1. Subsidies for those who most need financial assistance obtaining health insurance.
This assistance could take the form of tax credits or vouchers, should be more generous at lower income levels, and should be earmarked for health insurance coverage. It is important to note that the government already gives people financial assistance to buy private health insurance—well over $125 billion each year—with an employee income tax break on job-based insurance that is hidden from public view. This tax break gives more assistance to those in higher tax brackets, and gives no assistance to those without employee health benefits. Shifting some or all of this assistance to tax credits or vouchers for lower-income people would reduce the number of uninsured and improve fairness in the health care system.
2. Choice for individuals and families in what health plan to join.
Today people are effectively locked into the health plans their employers offer, often just one or two plans, which are subject to change from year to year. A change in employment typically means a change in insurance coverage. In contrast, under the AMA plan, people could use tax credits or vouchers to help pay for premiums of any available insurance, whether offered through a job, another arrangement or the open market. As with job-based insurance today, health plans would still have to meet federal guidelines for covered benefits, but people would have greater say in what types of benefits and plan features they value. Coupled with individual choice, tax credits benefit recipients directly, and everyone indirectly, by stimulating the market for health insurance. If enough people have enough purchasing power—and enough say over how that purchasing power is used—insurers will be compelled to offer better, more affordable coverage options.
3. Fair rules of the game that include protections for high-risk patients and greater individual responsibility.
For markets to function properly, it is important to establish fair ground rules. A proliferation of state and federal health insurance market regulations has made it more difficult and expensive for insurers to do business in many markets. The AMA proposes streamlined, more uniform health insurance market regulations. Regulations should permit market experimentation to find the most attractive combinations of plan benefits, cost-sharing and premiums. It is also important that market regulations reward, not penalize, insurers for taking all types of patients. People should have a guarantee that they will not lose coverage or be singled out for premium hikes due to changes in health status. Market regulations intended to protect people who have high health risks typically have backfired, sometimes disastrously, by driving up premiums for younger, healthier people and leading them to drop coverage.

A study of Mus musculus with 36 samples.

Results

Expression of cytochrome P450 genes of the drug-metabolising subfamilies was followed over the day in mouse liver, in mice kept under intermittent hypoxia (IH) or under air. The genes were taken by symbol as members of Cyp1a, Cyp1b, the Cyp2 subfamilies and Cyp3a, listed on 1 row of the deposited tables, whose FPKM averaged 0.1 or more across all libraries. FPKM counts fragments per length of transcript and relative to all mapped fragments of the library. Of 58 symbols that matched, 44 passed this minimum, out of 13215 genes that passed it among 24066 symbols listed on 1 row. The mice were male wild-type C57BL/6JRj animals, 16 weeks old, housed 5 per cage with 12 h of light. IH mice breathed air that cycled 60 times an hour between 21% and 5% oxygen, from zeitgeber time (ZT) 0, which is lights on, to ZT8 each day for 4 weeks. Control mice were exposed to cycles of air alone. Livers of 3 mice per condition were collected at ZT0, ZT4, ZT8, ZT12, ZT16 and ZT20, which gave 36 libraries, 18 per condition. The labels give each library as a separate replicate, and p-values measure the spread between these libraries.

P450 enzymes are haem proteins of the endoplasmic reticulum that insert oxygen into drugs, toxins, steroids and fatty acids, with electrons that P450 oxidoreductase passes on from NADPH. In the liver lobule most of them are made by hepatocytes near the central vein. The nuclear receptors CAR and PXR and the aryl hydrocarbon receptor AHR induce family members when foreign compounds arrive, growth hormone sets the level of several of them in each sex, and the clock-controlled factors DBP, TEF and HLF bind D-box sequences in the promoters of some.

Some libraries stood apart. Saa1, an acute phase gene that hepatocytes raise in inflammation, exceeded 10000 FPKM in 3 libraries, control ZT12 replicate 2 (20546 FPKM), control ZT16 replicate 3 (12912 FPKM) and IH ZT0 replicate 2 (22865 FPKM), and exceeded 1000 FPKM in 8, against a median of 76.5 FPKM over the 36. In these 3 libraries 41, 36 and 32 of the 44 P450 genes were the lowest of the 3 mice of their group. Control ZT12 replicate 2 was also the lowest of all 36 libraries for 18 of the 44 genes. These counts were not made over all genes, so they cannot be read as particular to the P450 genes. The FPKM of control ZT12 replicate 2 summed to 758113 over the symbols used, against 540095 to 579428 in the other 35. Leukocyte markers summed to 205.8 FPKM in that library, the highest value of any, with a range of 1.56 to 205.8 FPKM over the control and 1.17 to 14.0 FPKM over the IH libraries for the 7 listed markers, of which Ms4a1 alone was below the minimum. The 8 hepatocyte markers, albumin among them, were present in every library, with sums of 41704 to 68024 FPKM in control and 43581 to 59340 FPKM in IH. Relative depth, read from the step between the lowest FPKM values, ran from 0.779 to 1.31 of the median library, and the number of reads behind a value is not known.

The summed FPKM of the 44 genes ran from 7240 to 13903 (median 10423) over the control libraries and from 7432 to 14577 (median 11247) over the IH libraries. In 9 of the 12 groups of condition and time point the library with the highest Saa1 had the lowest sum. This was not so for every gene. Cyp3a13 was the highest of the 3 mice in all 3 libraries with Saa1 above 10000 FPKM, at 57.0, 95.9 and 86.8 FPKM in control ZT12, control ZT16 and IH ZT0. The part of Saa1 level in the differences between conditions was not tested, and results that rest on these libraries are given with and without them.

To help high-risk people obtain coverage without paying astronomical premiums, additional targeted government subsidies are needed for high-risk people that would allow insurers to keep premiums down in the regular market. Individuals also need to be encouraged to play fairly by taking responsibility for obtaining health insurance without waiting until illness strikes or medical attention is needed. People who are uninsured despite being able to afford coverage should face tax implications.---
No health insurance reform proposal would be complete without giving serious consideration to managing health care costs. The AMA’s work on developing solutions to address rising health care costs is ongoing, and its current focus highlights areas that physicians can influence. The AMA has identified four broad strategies to contain health care costs and achieve greater value for health care spending: reduce the burden of preventable disease; make health care delivery more efficient; reduce nonclinical health system costs that do not contribute to patient care; and promote value-based decision-making at all levels. The AMA’s approach to gaining better control of health care costs is to ensure that we get the best value for our health care dollar.